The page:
The Grip Of It, by Jac Jemc

Short Take: Like reading someone else’s acid trip.


I’m pretty sure I may have mentioned it once or twice, but I love haunted house stories. I really do. I’ve read horror for decades, and can laugh off most frights, but once in awhile, there’s a book that keeps me up at night, and it’s almost always a haunted house story. So needless to say, when I came across The Grip of It, by Jac Jemc, it looked to be right up my alley.

Grip is the story of James and Julie Khoury, who buy their house and move under less than ideal circumstances. James, you see, has been struggling with a gambling addiction that is threatening to wipe them out financially. They decide to take a chance on buying a fixer-upper that is within their budget, and moving to a small town where temptation is a lot harder to find.

The weirdness begins before they even move in, when they notice a strange, deep humming noise with no apparent source, and a creepy neighbor watching every move they make. Once they are actually settled, the strangeness becomes overwhelming. Julie is covered in mysterious bruises, the neighbor who might know something disappears, and then the whole thing dissolves into incoherence.

On the surface, this book should have had all my neurons buzzing in delight, but it just didn’t. It was nearly impossible to follow. For one thing, the story is told by Julie and James, in alternating chapters. The problem is that the chapters aren’t labeled as such, so it’s not always apparent who is talking. There was one section where a character explores a cave, and I thought for sure it was one of them, but it turned out to be the other one. Then later on, somehow, they had both been in the cave? No idea.

Telling the entire story in the first person (or first people, as the case may be) also made it harder to understand what was happening. See, as the house takes hold of Julie and James, their thinking changes, and everything that is going on is now some kind of normal to them. So when Julie wakes up seemingly trapped inside a wall, or the events follow them to a friend’s house, their reaction is along the lines of “That was a thing that happened. Oh well.”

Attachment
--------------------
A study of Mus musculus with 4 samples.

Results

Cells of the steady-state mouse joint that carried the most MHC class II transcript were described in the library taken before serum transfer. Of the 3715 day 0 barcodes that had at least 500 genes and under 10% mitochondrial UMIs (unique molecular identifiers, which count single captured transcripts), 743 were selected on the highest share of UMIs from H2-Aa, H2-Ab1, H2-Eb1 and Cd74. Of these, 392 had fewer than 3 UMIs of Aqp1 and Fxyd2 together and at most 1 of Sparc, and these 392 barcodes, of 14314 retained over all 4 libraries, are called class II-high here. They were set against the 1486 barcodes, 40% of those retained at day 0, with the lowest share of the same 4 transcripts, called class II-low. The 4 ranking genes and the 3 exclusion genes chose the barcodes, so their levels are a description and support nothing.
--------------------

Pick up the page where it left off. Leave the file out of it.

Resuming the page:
It’s hard to be drawn into a character’s predicament when they don’t seem overly concerned with it themselves.

Another recurring problem is the extreme sentence structures. I get that the author was going for a feeling of dreaming surreality, but when a single sentence goes on for half a page, or when a character spouts page after page of short choppy sentences unrelated to anything else in the book, my mind tends to drift. There are lengthy passages noting mundane details, and the discovery of a gooey body part is an afterthought, barely mentioned.

I would have to say that In The Grip Of It is a series of interesting vignettes, but not really much of a story. The ending felt like a cop-out (especially after one shockingly brutal act that, were there actual consequences, could’ve redeemed the whole thing).  There is no resolution, no true explanation of anything, no lingering ill effects.

So in conclusion, I will echo the sentiment of the main characters, with regard to this book: That was a thing that happened. Oh well.

The Nerd’s Rating: TWO HAPPY NEURONS (and maybe a new faucet for my bathroom. I hear you can really make an old place look new again with new hardware!)